1.      Gear Energy will benefit from production cut exemption and reversion of WTI – WCS spread to its long-term average of CAD$17 per barrel as consensus flip from constrain to surplus in takeaway capacity in ’19. This is supported by an incoming 375 thousand barrel-per-day of capacity addition by Enbridge Line 3 slated in ‘19Q3, an 8% YoY based on ’18 base capacity of 4.6 million barrels-per-day. Moreover, crude-by-rail (CBR) capacity will increase 40% by October ’19, the equivalent of 120 thousand barrels-per-day as Alberta purchases additional rail tanker cars. In addition, the Alberta government had mandated a 325 thousand barrels-per-day of production cut in ‘19Q1 equivalent to 8% YoY of which the first 10,000 barrels-per-day of production is exempted. Altogether, Plains All America’s forecasted takeaway capacity deficit of 454 thousand barrels-per-day will flip into 269 thousand barrels-per-day of surplus in ‘19.



2.      Contrary to the consensus, WTI – WCS spread will narrow as Canada fills the void left by increasing demand for heavy crude oil by complex U.S. refineries to generate higher distillate yield for IMO 2020 as supply from Latin America falters. Although simple refineries will increase light crude oil feedstock at the expense of heavy crude oil feedstock to reduce its high-sulfur fuel oil and atmospheric residual yield, complex refineries such as those in U.S. will have to aggressively increase heavy crude oil feedstock increase its aggregate distillate yield particularly when it had already maximized its light crude oil feedstock intake. However, U.S. crude oil production has become lighter and lighter due to explosive growth in shale oil while heavy crude oil supply from Venezuela, Mexico and Colombia faltered due to years of mal-investment. Consequentially, Canada needs to fill the void and have increased its market share of U.S. crude oil import from 28% in ’12 to 43% in ’17. As Canada pauses production growth due to pipeline uncertainty while Latin American heavy crude oil production continues declining, it is inevitable for WTI – WCS to narrow further as IMO 2020 approaches.



3.      Gear Energy is severely undervalued as the market punishes its equity dilution due to trough-cycle value-accretive acquisitions. From ’14 to ’18, Gear Energy has diversified from a pure heavy crude oil producer to include 30% middle and light crude oil, 4% natural gas liquid and 13% of natural gas. Moreover, it lowered its operating cost by 40% while reducing its base production decline rate from a whopping 37% to 27%. With great self-funded growth prospect from ’19 onwards, the market implied ‘19E EV / EBITDA of 2.3x while our model with higher crude oil price had an implied multiple of 1.9x. Comparing to its ’16 (4.7x) and ’17 (4.1x) average multiple as well as its peers’ median NTM EV / EBITDA of 5.1x, Gear Energy deserves at least 4.5x to its forecasted ‘19E EBITDA of CAD$113 million, effectively providing a margin-of-safety of 70%.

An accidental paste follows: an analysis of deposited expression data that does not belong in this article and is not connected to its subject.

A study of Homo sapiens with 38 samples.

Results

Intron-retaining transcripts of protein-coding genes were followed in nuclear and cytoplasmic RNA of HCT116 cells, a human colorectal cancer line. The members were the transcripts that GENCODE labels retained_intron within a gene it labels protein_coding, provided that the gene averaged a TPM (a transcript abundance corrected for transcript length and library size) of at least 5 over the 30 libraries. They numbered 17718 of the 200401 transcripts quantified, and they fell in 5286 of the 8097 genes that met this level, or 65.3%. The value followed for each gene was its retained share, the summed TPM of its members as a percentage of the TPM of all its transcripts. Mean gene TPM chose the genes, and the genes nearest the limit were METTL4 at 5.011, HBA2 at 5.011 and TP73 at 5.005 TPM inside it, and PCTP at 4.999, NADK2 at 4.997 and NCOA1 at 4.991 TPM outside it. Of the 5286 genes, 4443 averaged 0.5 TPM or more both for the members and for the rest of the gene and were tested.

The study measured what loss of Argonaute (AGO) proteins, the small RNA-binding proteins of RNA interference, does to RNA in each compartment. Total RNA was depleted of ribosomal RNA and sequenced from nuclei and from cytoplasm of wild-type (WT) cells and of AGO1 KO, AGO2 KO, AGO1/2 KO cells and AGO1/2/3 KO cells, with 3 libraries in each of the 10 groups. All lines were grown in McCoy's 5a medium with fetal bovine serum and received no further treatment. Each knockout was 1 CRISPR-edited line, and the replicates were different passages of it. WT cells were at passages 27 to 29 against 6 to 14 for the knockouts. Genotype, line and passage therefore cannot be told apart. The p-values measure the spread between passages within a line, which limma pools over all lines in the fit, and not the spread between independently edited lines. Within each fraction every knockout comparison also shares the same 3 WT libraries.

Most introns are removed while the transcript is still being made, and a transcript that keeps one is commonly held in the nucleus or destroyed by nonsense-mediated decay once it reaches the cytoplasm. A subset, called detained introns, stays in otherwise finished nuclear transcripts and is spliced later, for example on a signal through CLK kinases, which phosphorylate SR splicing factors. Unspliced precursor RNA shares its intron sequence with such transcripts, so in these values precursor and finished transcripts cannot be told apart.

Risks



1.      Concentrated market share structure in Canadian heavy crude oil production can possibly result in collusion to flood the market with excess supply in order to consolidate the market further. This is due to the fact the top six heavy crude oil producers in constitutes three-quarter of Canadian heavy crude oil production (Appendix 1). However, this is unlikely to occur in the near and mid-term given that Suncor Energy vowed not to sanction new projects unless there is physical progress on the ground for pipeline capacity. Similarly, Cenovus Energy pledged to keep heavy crude oil production stagnant for ’19 while Canadian Natural Resources have recently slashed ‘19E CAPEX by 20% versus earlier projection provided.





2.      The postponement of IMO 2020 can potentially be threatening to an investment position in heavy crude oil names depending on when the equity market realizes incremental demand for heavy crude oil by U.S. complex refineries in the face of collapsing heavy crude oil supply. If the equity market is aware of such dynamic before the end of ’19, a deadline extension will witness most of the gains leading up to IMO 2020 being sold-off. In contrast, heavy crude oil names can possibly soar if such dynamic was not factored into valuation before IMO 2020 as equity market consensus reverse their long light / short heavy crude oil trade.



3.      A severe delay in Enbridge Line 3 capacity addition and the delivery of rail tanker cars will turn the equity market sentiment more negatively. Hence, the development in these two stories will be a key risk for us to monitor going forward.